Biologic medications, are a relatively new treatment for people with Crohn’s Disease. They are medications that are made from things that are found in life and their products, mainly proteins. Biologics are antibodies which bind to specific parts (proteins) of the immune response, specifically in the gut lining. When bound to these factors involved in the immune response, biologics block normal function of the inflammation cascade and decrease inflammation. Basically, biologics increase the anti-inflammatory response to slow down inflammation, thereby improving the disease. Targets of biologics used to treat CD include tumor necrosis factor (TNF)-alpha, interleukins, adhesion molecules, colony-stimulating factors, and others. The biologics most commonly used in CD are adalimumab and infliximab.
How do you take biologics?
All biologics are administered as an infusion or injection. Infusions are usually given at an infusion center and take 30 minutes, one hour, or two hours to infuse. They are given at specific time intervals, usually every four or eight weeks after an initial induction period, depending on the medication. Injections are administered under the skin and can be done at home. After an initial induction period, injections are typically given every two to four weeks, depending on the medication.
When to use biologics
Biologics are extremely effective medications in treating any kind of active CD that is not controlled with other therapies. They are effective in treating CD affecting the colon (colitis), the portion of the small intestines connected to the first portion of the colon (ileocolitis), the small intestines (enteritis), abnormal connections between different portions of the gut wall or skin called fistulas, and disease around the anal canal (perianal). Biologics are also extremely effective in maintaining disease control, even when all other therapies have not worked.
Other Medications Used in CD
- 5-Aminosalicylates (5-ASA’s) - 5-ASAs, such as mesalamine and sulfasalazine, work to decrease inflammation at the level of the lining of the GI tract. These medications are administered as a tablet by mouth, enema, or rectal suppository. 5-ASA’s have a modest effect in treating active CD, and only in those with colitis or ileocolitis. Sulfasalazine is considered treatment of choice for active disease in the colon, more specifically, the left portion of the colon. 5-ASA’s do not help in active disease of the small intestines or in those who have fistulas or perianal disease. Mesalamine and sulfasalazine are not consistently effective in maintaining disease control once the active flare is treated.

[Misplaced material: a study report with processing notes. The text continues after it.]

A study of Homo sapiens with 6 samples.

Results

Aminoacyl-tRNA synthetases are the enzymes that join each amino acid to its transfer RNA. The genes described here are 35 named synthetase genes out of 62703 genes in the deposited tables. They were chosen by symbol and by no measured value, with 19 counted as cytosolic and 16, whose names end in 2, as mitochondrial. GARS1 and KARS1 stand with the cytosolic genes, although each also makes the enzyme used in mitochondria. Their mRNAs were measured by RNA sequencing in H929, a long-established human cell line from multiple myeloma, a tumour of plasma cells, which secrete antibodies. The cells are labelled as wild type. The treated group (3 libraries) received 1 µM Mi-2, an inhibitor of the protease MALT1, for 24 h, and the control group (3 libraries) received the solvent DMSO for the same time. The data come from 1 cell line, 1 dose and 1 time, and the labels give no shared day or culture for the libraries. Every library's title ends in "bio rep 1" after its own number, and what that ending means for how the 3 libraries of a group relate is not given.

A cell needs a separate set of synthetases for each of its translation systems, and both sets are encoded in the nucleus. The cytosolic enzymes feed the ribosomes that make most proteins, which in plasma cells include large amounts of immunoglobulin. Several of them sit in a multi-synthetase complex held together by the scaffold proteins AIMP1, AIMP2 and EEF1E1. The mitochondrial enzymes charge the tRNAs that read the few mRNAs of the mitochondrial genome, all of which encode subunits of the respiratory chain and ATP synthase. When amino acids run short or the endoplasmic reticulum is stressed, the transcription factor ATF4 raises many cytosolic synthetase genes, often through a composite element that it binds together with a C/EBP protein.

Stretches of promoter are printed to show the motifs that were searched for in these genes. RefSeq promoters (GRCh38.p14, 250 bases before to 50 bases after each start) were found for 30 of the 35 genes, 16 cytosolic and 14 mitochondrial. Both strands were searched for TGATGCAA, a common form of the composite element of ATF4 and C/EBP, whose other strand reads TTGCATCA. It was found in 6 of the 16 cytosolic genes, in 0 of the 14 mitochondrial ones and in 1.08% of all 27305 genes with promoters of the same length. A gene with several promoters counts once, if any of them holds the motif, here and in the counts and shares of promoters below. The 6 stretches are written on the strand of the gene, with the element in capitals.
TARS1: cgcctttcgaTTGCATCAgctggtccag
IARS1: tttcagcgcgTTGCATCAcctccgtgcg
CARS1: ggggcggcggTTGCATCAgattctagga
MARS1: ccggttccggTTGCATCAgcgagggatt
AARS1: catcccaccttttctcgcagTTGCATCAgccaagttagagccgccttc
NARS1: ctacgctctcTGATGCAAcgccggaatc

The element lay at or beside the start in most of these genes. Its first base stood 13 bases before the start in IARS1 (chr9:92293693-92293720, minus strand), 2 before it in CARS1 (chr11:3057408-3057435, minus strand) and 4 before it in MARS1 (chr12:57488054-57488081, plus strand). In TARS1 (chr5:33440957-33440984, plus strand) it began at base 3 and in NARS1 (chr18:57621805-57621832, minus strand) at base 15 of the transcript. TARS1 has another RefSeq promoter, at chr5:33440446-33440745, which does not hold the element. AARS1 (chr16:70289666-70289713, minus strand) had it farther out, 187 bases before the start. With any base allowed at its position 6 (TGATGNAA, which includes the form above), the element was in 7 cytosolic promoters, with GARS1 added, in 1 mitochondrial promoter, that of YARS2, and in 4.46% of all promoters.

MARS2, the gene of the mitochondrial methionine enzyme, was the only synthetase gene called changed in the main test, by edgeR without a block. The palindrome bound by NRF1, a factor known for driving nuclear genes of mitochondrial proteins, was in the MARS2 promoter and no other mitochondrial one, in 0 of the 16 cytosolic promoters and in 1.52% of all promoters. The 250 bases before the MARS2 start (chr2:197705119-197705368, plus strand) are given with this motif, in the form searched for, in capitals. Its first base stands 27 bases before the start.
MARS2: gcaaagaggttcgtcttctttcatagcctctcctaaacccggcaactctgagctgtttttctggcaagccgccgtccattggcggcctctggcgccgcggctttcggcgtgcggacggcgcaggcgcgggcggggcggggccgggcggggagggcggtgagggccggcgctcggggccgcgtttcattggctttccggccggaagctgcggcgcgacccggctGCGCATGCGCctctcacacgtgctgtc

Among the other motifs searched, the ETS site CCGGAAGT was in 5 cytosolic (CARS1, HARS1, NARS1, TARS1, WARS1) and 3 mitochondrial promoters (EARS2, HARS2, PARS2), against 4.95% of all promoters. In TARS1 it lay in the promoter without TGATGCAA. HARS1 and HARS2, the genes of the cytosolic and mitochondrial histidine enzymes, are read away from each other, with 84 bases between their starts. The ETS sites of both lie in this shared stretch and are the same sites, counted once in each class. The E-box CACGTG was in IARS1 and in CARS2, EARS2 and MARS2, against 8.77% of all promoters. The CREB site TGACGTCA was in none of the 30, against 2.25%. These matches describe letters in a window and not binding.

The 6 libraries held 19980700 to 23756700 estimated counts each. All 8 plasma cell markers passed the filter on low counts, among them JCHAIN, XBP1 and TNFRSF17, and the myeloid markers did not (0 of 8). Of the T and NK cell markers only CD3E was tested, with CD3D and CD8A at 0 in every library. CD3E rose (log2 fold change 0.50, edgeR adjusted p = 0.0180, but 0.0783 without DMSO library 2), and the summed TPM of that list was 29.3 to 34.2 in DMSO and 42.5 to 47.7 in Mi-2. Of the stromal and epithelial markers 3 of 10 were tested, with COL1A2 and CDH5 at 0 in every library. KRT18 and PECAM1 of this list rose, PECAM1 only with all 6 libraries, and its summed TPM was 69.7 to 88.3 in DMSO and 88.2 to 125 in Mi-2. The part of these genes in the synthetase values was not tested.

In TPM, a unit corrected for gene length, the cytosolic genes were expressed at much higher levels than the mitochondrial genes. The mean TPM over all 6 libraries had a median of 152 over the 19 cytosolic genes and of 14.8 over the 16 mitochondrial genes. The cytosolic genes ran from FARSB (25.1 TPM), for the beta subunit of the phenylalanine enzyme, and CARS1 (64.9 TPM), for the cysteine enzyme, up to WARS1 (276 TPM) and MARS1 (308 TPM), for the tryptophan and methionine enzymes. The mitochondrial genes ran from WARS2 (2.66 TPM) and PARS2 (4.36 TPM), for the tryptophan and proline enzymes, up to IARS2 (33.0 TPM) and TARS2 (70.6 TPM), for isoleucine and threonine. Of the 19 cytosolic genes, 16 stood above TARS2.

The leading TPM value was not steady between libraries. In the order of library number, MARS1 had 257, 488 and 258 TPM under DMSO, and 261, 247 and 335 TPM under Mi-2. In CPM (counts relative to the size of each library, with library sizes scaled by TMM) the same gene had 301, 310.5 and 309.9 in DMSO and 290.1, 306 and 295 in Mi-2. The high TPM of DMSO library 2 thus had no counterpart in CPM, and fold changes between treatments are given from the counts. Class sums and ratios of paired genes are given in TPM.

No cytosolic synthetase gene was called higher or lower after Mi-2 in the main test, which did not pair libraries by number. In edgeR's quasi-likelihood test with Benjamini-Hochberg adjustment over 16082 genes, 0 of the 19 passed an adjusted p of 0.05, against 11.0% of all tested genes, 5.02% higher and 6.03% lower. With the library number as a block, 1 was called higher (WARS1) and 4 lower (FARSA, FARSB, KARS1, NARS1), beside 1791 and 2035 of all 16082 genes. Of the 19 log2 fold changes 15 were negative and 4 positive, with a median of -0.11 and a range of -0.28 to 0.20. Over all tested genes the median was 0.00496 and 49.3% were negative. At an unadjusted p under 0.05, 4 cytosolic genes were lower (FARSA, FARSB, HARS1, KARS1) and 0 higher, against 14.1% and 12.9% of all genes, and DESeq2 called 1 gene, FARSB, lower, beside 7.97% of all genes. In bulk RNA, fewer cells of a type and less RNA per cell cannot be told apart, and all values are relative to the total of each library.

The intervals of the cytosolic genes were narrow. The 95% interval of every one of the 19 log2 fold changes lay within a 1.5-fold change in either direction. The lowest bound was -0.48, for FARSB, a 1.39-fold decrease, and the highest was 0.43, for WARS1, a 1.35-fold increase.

- Corticosteroids - Corticosteroids, such as prednisone, methylpredisolone, and budesonide, suppress the immune system. They can be administered intravenously, orally, or through enemas and suppositories. Steroids are often used only to control an active flare, or “induce remission,” and not long term because they suppress the entire immune response with potential for significant side effects. The one exception is budesonide, which works locally to decrease inflammation, thereby resulting in minimal systemic effect. Budesonide is the first medication of choice for inducing remission in mildly to moderately active CD affecting the right colon and terminal ileum.
- Immunomodulators - Immunomodulators include 6-mercaptopurine (6-MP), azathioprine, and methotrexate. Azathioprine and 6-MP are tablets taken by mouth, whereas methotrexate is an injection administered weekly. Immunomodulators suppress the immune response so that ongoing inflammation cannot occur. They are effective in inducing remission in patients not responding to 5-ASAs and corticosteroids. They are also used in those with fistulas or perianal disease and are effective in maintaining remission. These medications can affect the liver and blood cells, therefore, blood counts and liver function tests need to be done frequently when they are being used.
- Antibiotics - The role of antibiotics in CD is controversial. Ciprofloxacin and metronidazole are two antibiotics that are often prescribed in conjuction with 5-ASA’s before initiating steroids in attempt to induce remission. Consistent studies showing efficacy of antibiotics used this way are limited. However, these antibiotics have been shown to be effective in treating or closing fistulas, especially perianal fistulas, and these medications are therefore first line therapy in these scenarios.
It is very important that you work with your doctor when taking any medication for CD and keep them informed of any symptoms you experience, either related to your CD or potential side effects of the medications. While all of these medications are safe, if you experience any side effects or develop fevers/symptoms of illness, you should contact your doctor. Also, it is imperative that you do not stop any medications on your own. If you do, only restart them with the guidance of your doctor, and not on your own.
See More Helpful Articles:
Constance Pietrzak, M.S., M.D., is a gastroenterologist with Advocate Medical Group in Chicago. Through her work with HealthCentral, she strives to expand knowledge on gastroesophageal reflux disease (GERD) and inflammatory bowel disease (IBD). Follow Constance on Facebook and Twitter for timely updates on IBD, and more.